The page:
Scientists identify two new species of fungi in retreating Arctic glacier

This is the Walker Glacier on the northern coast of Ellesmere Island in the Canadian High Arctic. Yukiko Tanabe (NIPR)

Two new species of fungi have made an appearance in a rapidly melting glacier on Ellesmere Island in the Canadian Arctic, just west of Greenland. A collaborative team of researchers from Japan’s National Institute of Polar Research, The Graduate University for Advanced Studies in Tokyo, Japan, and Laval University in Québec, Canada made the discovery.

The scientists published their results on 3 January 2019 in two separate papers, one for each new species, in the International Journal of Systematic and Evolutionary Microbiology.

“The knowledge of fungi inhabiting the Arctic is still fragmentary. We set out to survey the fungal diversity in the Canadian High Arctic,” said Masaharu Tsuji, a project researcher at the National Institute of Polar Research in Japan and first author on both papers. “We found two new fungal species in the same investigation on Ellesmere Island.”

One species is the 10th to join the genus Mrakia, with the proposed name M. hoshinonis, in honor of Tamotsu Hoshino, a senior researcher at the National Institute of Advanced Science and Technology in Japan. Hoshino has made significant contributions to the study of fungi in polar regions. The other species is the 12th to join the genus Vishniacozyma, with the proposed name V. ellesmerensis as a nod to the island where it was found. Both species are types of yeast that are well-adapted to the cold and can even grow below 0°C.

The samples of fungi were collected from the unofficially named Walker Glacier. The designation comes from Paul T. Walker, who installed the datum pole that measures the glacier’s growth and shrinkage, in 1959. At the time of sample collection in 2016, measurements showed that the glacier was receding at a rate two-and-a-half times faster than its retreat over the previous 50 years.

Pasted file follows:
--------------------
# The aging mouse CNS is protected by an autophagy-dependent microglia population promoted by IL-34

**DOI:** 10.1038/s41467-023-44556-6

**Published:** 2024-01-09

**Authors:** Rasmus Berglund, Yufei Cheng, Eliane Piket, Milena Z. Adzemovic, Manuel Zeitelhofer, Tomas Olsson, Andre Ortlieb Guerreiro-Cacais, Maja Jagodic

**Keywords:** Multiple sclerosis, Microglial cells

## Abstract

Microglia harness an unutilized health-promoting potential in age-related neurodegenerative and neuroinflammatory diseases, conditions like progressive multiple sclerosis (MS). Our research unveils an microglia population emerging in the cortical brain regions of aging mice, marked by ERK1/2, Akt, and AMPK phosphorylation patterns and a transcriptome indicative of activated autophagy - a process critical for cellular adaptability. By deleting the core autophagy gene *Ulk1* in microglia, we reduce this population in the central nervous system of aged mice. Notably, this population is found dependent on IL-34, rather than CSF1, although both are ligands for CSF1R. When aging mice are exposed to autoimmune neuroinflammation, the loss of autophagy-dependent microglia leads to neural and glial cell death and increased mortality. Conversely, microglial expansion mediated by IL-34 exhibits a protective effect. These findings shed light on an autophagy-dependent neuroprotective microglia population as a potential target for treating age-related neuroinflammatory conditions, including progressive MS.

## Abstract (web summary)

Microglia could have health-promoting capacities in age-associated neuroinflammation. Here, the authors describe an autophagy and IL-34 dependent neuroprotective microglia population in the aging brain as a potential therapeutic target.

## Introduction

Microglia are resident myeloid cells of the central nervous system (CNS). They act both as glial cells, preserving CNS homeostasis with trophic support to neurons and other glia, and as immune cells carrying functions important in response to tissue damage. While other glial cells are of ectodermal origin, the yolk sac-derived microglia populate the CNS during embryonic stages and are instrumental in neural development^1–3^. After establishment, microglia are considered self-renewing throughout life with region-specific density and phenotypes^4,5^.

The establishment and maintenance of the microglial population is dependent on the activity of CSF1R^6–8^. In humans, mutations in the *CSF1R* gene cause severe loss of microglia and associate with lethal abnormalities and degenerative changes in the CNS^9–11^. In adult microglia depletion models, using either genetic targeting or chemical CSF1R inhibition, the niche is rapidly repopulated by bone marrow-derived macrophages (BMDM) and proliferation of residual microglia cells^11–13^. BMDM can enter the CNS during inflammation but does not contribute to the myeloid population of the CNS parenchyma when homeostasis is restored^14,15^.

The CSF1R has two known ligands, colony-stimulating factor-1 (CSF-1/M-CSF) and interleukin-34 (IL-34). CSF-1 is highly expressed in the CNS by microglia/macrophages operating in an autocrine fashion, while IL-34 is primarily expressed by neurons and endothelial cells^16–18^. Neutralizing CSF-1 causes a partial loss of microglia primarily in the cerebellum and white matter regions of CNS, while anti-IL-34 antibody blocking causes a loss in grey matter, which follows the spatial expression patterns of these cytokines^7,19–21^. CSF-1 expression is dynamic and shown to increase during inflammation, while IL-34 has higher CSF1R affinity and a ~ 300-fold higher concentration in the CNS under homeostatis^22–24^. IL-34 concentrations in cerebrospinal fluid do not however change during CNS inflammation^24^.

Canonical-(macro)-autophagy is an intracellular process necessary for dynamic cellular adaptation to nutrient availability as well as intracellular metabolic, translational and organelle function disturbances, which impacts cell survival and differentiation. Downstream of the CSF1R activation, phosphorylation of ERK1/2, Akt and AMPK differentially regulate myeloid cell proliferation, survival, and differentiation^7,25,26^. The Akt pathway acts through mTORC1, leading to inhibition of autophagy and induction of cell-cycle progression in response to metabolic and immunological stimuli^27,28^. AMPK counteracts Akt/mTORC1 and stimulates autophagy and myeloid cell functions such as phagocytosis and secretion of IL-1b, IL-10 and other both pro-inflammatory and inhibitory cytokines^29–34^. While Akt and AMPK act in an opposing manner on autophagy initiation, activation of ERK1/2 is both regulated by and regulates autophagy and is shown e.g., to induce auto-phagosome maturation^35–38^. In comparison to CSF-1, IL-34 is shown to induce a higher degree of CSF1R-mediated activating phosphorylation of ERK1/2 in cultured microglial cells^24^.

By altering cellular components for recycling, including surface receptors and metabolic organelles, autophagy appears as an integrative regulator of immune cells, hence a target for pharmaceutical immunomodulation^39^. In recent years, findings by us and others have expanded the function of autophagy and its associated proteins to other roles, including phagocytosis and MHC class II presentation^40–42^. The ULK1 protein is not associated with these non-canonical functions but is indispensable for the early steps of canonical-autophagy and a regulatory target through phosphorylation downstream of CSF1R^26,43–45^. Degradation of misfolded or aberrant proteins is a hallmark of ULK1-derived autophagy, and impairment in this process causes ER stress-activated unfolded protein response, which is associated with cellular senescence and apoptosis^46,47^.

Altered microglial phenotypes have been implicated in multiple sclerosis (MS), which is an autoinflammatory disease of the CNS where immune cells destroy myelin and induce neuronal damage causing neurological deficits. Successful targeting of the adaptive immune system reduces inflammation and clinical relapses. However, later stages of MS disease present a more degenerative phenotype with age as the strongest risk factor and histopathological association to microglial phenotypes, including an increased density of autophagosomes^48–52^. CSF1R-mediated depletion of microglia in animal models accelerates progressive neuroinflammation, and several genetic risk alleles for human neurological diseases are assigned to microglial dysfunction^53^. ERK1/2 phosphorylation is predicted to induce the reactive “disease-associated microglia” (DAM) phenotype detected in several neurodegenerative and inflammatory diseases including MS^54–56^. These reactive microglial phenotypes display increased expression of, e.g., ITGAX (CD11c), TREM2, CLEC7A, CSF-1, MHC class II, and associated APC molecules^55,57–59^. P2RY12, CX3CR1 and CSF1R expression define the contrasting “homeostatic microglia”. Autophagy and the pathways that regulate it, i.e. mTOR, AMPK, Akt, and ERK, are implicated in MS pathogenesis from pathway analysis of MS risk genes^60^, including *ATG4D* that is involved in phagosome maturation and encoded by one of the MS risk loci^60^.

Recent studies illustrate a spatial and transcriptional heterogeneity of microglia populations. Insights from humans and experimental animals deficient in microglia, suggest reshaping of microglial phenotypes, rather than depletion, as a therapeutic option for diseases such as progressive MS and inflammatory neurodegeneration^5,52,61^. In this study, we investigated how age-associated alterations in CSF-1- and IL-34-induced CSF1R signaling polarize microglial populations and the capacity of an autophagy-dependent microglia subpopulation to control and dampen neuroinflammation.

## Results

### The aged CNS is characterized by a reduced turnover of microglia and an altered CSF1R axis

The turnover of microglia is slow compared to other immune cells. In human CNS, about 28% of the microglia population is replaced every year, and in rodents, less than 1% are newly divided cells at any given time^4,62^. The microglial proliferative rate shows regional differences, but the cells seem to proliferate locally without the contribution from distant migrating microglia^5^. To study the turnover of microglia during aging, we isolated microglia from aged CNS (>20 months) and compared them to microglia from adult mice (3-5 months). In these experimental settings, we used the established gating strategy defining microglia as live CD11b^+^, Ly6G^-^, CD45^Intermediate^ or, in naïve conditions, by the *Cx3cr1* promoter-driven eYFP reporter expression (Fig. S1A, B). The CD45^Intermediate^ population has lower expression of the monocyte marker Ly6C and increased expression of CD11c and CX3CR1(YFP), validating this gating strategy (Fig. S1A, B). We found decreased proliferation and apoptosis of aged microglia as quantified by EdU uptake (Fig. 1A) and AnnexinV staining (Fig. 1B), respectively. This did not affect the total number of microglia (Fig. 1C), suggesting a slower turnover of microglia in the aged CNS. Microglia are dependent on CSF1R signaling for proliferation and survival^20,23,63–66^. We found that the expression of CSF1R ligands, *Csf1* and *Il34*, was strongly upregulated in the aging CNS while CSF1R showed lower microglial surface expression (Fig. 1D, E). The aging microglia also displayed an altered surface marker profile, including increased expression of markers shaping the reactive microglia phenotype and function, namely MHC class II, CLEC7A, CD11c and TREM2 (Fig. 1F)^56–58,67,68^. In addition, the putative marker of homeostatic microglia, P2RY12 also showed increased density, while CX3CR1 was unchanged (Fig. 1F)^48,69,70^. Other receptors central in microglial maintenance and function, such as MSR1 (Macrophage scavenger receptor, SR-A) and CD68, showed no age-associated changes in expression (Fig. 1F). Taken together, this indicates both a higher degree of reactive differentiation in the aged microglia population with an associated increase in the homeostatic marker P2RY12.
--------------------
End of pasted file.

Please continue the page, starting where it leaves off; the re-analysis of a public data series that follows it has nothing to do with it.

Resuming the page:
“Climate-related effects have been observed in this region over the last 20 years,” Tsuji said. “Soon, some of the glaciers may completely melt and disappear.”

Two new species of fungi isolated from sediments and soil in the Canadian Arctic (A)micrographic image of Vishniacozyma ellesmerensis (B) colonies of V. ellesmerensis (C) micrographic image of Mrakia hoshinonis (D) colonies of M. hoshinonis. Credit: NIPR

Only about five percent of fungi species have been discovered, but their function across ecological climates is well understood – from the tropics to the Arctic, fungi decompose dead organic material. Each species operates a little differently, but their general role is to reintroduce nutrients from dead plant material back into the ecosystem. If the glaciers melt, the fungi lose their habitat. The results could have catastrophic knock-on effects throughout the ecosystem, according to Tsuji, although more research is needed to understand exactly how the changing climate is influencing fungi beyond destroying their habitat.

Next, Tsuji and his team plan to survey the fungi in Ward Hunt Lake, the northern most lake in the world. It is on Ward Hunt Island, just off the northern coast of Ellesmere Island, and less than 500 miles from the North Pole

“Normally, the lake’s ice doesn’t melt during the summer season. However, the ice melted completely in 2016. We plan to continuously check how the lake’s fungal diversity changes,” Tsuji said. The different species could evolve, or, potentially, go extinct. “Eventually, we plan to compile all of our studies to provide an overview of terrestrial ecosystems in the Arctic and Antarctic regions.”